Part 2 on our Cobbler Shop Journey!
Since it's arrival back in Dunbarton after 50 years in Goffstown, the c1850 Cobbler Shop (the last of its kind) has been busy. First order of
After volunteers removed 150+ years worth of critter nests, food stashes and skeletons from the walls and soffits, J. P.
Dating back to before 1850, the Cobbler Shop was one of twenty-six known cobblers in the Dunbarton area. It is thought that Wilson was able to maintain his business after the birth of the industrial shoe industry because he also owned a tannery, which supplied him with an easy source of leather.
The late Bud Noyes, renowned Dunbarton historian, was working on his book, “Where Settler’s Feet Have Trod” when he discovered the shop out in Goffstown, at the home of Joan O’Connor and Robert Carberry. The structure is quite solid, considering it’s age, and contains many of the original features, including wide-plank floors and horsehair plaster. One of the main timbers was taken from a much older mortise and tenon structure and reused, so the precise date of the building remains to be determined. An exciting discovery was the handwriting on the walls, which will be given closer inspection during the restoration project. The Dunbarton Historic Awareness Committee spent the summer carefully detaching the building from another structure, and preparing it for the return to Dunbarton. Carl Moorehead, Excavation Innovations and Dan Vankalken, Conifer Hill NH Landscaping, donated their valuable equipment and skills, and other volunteers include Roger Gagne, Barbara Torre, Dan Fradette, Andy and Donna Dunn, Bob Carberry, Joan O’Conner, Larry Petersen, and Jan & Janice Vandebogart. Although Noyes was not present at the big move, he was symbolically represented by his shoes, hanging from an antique nail on the rear wall of the structure, accompanying home his last, great historical find.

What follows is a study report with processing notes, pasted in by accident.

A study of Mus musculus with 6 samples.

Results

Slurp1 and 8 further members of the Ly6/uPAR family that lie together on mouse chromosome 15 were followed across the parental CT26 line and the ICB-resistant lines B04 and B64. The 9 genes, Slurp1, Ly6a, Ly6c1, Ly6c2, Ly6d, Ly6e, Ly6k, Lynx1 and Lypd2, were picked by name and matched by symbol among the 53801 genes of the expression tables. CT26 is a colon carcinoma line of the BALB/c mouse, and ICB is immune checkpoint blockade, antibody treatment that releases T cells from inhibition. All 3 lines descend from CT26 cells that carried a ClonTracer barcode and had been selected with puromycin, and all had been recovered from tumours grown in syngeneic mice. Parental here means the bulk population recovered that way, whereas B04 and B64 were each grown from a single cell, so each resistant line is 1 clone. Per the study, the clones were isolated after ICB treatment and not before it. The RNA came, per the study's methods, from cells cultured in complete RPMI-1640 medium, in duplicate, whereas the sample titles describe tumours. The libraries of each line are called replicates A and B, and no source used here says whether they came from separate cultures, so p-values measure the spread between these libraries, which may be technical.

A glass negative was located that dated to 1865, showing the Cobbler Shop on it’s original site with a full view of the entire homestead and the Wilson family. “The detail is amazing,” says Dunn, Project Coordinator. “You can see cats on the stone wall, and the lightening rod on the roof of the farmhouse. We hope to reproduce it for the schools, so they can use it as a teaching tool for the younger kids. There’s so much in the photo, and so much more to this story!”
Once the building is restored, it will be moved to the Dunbarton Historical Society Museum, situated along the soon-to-be John Stark Scenic Byway. The Historic Society welcomes all volunteers who would like to participate in this project, and they are also looking for period tools, equipment and supplies to outfit the restored shop. An 1800’s cobbler bench has already been secured, along with a trove of Dunbarton memorabilia from the Tucker family, including the only known photos of the original shop. All donations will be professionally appraised for tax-deductible value by antiques dealer Mike Malloy. If you would like to send a financial donation, please mail your tax-deductible check payable to “Cobbler Shop Restoration Project” to 1011 School Street, Dunbarton NH 03046. History is alive in Dunbarton!